There’s a deluge of fluffy social media content out there: ask just about anyone, and they’ll admit that information overload is a real struggle in 2019. I define “fluffy content” as anything that users don’t really want to see, but ends up in their timeline anyways: things like paid ads, veiled “content” that’s really an ad, and meaningless posts from their latest friend to take up home entrepreneurship.
Because of this information overload, we can conclude that communication for communication’s sake won’t cut it: users are likely to cut it out. Whether it’s paid promotion or organic social media, customers are far more likely to tune out content from a business than from another individual.
With that said, it’s still possible to build a social media following for your business: all it takes is a little bit of extra effort.
The extra mile
Auto-posts from your business blog are fine, but they can’t be the meat of your social media presence. Social media, after all, means interaction! Interaction with your customers is key for building a good social media brand. This requires far more work than ‘set-and-forget’ auto-posts, but without it you’re wasting an untapped audience.
Social media for your business can propel your products and content far beyond your social circles. Thanks to re-shares and word of mouth, your posts can be passed around to much larger audiences than you can reach on your own. But this will only happen if your posts are worth sharing. True business storytelling will attract attention.
Get out of “business mode” for a little bit and get into “people mode.” Think about what people want to see: the things that made them fans of your business or your product in the first place. Here are some tips for sharing meaningful social media.
When I first started in web design, in 2009, the web was already a pretty visual medium. In the last ten years it’s only become more and more so. Images matter: they’re engaging, interesting, and eye-catching. Images matter so much that Facebook now recommends paid ads include a minimum of text, focusing on imagery instead.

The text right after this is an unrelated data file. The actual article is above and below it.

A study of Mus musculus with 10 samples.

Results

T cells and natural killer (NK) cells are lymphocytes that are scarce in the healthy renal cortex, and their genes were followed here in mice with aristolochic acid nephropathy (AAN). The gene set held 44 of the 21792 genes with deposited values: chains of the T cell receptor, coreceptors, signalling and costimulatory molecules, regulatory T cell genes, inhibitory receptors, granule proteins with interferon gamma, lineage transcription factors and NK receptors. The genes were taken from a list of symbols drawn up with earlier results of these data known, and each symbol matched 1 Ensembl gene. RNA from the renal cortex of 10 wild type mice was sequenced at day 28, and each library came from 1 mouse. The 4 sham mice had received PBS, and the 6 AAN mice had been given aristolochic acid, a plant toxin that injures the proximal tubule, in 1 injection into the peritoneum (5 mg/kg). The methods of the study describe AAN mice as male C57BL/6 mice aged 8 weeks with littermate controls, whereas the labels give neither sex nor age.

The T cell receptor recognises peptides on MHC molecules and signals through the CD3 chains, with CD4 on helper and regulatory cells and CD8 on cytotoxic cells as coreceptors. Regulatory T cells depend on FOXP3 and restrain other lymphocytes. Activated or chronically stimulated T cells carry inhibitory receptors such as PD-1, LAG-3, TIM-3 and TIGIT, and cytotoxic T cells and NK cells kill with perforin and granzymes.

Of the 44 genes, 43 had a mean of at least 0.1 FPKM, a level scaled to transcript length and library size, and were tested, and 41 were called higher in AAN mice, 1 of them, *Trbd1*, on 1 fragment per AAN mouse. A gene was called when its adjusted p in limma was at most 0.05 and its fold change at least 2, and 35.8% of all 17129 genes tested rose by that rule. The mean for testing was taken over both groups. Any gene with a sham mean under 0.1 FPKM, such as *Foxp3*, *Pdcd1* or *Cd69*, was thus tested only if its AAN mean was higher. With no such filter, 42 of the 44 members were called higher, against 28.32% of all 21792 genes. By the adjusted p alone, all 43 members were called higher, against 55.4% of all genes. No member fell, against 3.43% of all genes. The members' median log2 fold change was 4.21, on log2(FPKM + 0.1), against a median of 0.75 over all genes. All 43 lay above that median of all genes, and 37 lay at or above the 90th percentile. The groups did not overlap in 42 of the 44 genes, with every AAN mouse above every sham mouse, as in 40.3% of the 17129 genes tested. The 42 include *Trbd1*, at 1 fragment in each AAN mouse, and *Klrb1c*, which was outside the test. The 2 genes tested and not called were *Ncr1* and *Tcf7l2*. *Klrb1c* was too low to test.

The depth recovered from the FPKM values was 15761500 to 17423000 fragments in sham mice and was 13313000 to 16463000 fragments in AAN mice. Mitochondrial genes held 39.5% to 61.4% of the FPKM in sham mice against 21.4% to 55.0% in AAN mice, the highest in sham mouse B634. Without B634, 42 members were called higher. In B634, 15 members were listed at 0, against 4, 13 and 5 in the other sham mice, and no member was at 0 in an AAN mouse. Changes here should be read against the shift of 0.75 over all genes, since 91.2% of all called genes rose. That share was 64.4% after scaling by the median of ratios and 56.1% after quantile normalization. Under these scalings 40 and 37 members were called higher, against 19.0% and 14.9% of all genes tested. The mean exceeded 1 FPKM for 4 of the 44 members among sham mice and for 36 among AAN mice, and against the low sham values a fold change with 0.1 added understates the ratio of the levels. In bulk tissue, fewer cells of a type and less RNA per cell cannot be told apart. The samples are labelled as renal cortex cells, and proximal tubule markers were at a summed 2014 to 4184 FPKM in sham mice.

With some good imagery, your business can stand out. If you haven’t already, it’s worth paying for some professional shots of your products or your place of work. But even if you haven’t done that yet, or can’t afford to, real photos of you and your business are important. A nice photo of your coffeeshop shot on an iPhone builds your brand far more than a perfectly-shot stock photo of some random coffeeshop.
tl;dr – Photos are a key hook to draw visitors into your post or offer
Do a few channels well
There are dozens and dozens of social media accounts. Just off the top of my head I can name a half a dozen: Facebook, Google+, Instagram, Twitter, LinkedIn, and Pinterest.
In my experience, Facebook is pretty unavoidable. Many users expect a facebook page which is an official portal to your website, your products, and your support systems. Twitter and Google+ are also often requirements, depending on your industry. Be sure to tune your social media presence to your industry: Photography experts tend to communicate over Google+, while the education field may be more prone to something like Pinterest or Instagram.
The point is to focus on channels you know you can thrive in, and provide meaningful content to your users. If you offer video tutorials, skip Instagram and put all your emphasis on YouTube. It’s better to have no presence at all on a channel than to have a weak, inadequate presence that reflects poorly on your business.
tl;dr – With only a few channels to worry about, your company will be able to present a fuller, better image to your potential customers.
Build buzz with sales and deals
Any time you offer a sale or an in-store deal, you’re missing an opportunity to talk about it online. Our culture absolutely loves taking advantage of a good deal, and it’s great content to put on your social media channels. Do it regularly enough, and customers may start to follow your channels specifically to get access to special deals: and that’s a captive audience!
tl;dr – Post deals to get your audience excited and keep them following your channels.
Include social media activity on your website
Websites and social media are a virtuous cycle. The more you update your website (say a blog, or new web offers), the more you can post about those things on social media. Correspondingly, you can also keep your website looking fresh and up-to-date by integrating your social media channels onto your website.
This can be adapted to your particular social network, but there are plenty of options. Longer Facebook posts are perfect as mini blog posts or “asides,” while a twitter feed can easily be integrated into your footer. Many companies integrate gorgeous scrolling Instagram photos to great effect: not only is your social media content being added to your site, but it updates automatically and keeps the website from feeling stale to repeat visitors.
Of course, this only works if you’re leaning into social media for your business and keeping the channels updated with useful information.
tl;dr – Keep your website integrated with your social media: little touches like this make the site feel active and up-to-date.
How have you built social media for your business?